The town of Sévaré sits along Mali's de facto border with a region now controlled by Tuareg separatists. At a camp there, displaced people speak cautiously about why they fled.

By Derek Henry FloodContributor / June 21, 2012

The scene inside an IDP camp in Sévaré which had been a hostel for long-distance truck drivers. It now houses Songhai people who fled the rebel advance in northern Mali in late March.

Derek Henry Flood


This crossroads town once at Mali’s center has become the country’s de facto northern border since Tuareg separatists and Islamist rebels staged an uprising in late March, partitioning off the northern two-thirds of the republic and renaming it Azawad. 


Some are able to stay with members of their extended family in Mopti Region, while others head south to Bamako in search of more opportunities. Those who can't do either make their homes in canvas tents in a former truck drivers’ hostel. Next door is a municipal complex where local functionaries of this rump administration file paperwork under humming fluorescent lights.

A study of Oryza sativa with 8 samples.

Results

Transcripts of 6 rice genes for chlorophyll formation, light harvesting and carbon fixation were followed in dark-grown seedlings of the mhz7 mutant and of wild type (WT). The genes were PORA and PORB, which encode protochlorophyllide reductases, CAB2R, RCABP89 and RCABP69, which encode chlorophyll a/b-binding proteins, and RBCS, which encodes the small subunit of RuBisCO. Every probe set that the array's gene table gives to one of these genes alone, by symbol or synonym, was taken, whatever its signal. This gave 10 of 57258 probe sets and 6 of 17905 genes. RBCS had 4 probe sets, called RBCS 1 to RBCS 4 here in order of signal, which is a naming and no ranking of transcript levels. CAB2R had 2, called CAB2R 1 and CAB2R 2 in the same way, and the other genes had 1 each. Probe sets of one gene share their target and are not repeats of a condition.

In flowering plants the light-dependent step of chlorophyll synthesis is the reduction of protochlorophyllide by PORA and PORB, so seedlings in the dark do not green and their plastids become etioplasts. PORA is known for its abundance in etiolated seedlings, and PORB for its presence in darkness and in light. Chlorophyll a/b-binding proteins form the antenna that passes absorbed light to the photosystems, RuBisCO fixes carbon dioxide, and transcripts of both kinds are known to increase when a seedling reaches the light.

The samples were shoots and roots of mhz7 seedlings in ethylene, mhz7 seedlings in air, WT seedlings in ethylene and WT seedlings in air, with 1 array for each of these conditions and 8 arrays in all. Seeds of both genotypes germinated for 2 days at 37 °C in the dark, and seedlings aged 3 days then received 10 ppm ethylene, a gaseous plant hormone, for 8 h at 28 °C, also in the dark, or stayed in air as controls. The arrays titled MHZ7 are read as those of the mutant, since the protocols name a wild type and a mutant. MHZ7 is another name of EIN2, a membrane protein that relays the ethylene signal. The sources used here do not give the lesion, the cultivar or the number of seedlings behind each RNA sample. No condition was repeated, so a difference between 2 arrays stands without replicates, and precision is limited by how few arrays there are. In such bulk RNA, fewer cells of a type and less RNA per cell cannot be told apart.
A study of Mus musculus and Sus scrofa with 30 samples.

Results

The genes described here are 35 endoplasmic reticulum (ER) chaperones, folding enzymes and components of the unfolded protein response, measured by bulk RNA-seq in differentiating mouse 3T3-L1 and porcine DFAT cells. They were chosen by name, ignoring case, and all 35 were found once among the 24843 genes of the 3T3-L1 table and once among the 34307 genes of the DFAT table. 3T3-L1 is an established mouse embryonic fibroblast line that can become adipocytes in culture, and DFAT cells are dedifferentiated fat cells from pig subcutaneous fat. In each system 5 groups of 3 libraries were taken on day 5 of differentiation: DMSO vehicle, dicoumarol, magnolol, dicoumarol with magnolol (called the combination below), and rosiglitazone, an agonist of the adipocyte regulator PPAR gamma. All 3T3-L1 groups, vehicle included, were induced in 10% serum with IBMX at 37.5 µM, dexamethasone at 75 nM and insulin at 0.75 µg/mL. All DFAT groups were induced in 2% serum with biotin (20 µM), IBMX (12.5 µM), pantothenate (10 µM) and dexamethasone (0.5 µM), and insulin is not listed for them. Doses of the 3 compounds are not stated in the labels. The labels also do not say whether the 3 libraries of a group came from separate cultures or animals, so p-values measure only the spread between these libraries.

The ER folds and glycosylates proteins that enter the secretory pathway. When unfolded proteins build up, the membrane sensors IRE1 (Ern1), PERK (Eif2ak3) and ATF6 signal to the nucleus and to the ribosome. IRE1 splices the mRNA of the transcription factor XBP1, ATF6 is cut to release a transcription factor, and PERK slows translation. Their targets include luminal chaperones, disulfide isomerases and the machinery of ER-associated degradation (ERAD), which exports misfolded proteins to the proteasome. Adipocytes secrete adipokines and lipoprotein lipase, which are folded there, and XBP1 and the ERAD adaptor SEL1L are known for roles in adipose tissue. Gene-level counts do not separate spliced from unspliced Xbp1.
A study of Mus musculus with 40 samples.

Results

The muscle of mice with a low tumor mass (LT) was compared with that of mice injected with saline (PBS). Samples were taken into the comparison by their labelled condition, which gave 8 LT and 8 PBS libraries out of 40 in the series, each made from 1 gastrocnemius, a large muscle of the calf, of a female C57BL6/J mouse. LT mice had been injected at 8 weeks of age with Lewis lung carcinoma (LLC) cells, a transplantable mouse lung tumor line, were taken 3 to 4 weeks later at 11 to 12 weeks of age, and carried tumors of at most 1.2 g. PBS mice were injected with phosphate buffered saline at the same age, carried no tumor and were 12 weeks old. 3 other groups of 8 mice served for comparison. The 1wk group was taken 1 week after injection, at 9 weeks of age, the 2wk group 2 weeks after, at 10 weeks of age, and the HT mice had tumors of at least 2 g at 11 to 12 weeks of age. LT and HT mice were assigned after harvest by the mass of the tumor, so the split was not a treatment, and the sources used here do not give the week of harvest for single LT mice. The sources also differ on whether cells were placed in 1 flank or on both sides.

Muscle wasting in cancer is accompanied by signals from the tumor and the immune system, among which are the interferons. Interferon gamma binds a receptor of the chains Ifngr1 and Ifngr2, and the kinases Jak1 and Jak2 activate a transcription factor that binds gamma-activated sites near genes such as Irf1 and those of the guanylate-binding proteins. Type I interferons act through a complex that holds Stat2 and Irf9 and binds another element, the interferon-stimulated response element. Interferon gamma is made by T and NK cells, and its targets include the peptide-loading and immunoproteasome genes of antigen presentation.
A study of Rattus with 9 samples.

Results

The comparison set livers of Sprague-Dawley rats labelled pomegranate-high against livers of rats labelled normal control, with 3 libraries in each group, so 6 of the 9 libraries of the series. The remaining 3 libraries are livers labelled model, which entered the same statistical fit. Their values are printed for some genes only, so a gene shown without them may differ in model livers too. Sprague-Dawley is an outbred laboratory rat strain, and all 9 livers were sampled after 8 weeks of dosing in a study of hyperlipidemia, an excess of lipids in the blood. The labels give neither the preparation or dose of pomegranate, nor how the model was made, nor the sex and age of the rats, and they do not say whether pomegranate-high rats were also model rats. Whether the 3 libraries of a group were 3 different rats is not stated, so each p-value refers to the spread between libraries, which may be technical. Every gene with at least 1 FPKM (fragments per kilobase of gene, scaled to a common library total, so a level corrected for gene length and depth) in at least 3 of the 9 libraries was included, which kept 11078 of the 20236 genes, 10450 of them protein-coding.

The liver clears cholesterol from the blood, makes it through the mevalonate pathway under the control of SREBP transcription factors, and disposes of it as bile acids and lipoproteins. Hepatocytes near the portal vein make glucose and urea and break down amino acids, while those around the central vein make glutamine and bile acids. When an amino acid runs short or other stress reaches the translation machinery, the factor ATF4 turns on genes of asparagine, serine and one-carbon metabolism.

The local authorities said they had no knowledge of the state-of-play in Mopti Region, of which they have lost partial control to the National Movement for the Liberation of Azawad (MNLA).

Both ECOWAS, the West African economic bloc, and the African Union have warned about the global security implications of letting the Azawad issue fester, to no avail. The United Nations Security Council rebuffed the pan-African initiative to get approval for a military intervention, led by Burkina Faso and Niger.

According to a June 15 report from Agence France-Presse, the UN claimed it lacked sufficient details on the crisis and the possible logistics for a military intervention, even as its own High Commissioner for Refugees is in the midst of an appeal to stem the unceasing refugee outflow from the area that more than 300,000 Malians have already fled, with more en route.

Permission was hesitantly granted to this reporter to visit the IDP camp with a minder from the Ministry of Internal Defense and Civil Protection. The Christian Science Monitor was given very limited access to speak to IDPs under the assigned minder’s watchful gaze. The sole figure in any authority was a doctor from Médecins Sans Frontières-Belgium (MSF), who treated patients in a makeshift clinic. When asked about common maladies afflicting those fleeing northern Mali, the doctor nervously said that he was not in a position to speak officially, suggesting contacting MSF’s offices instead.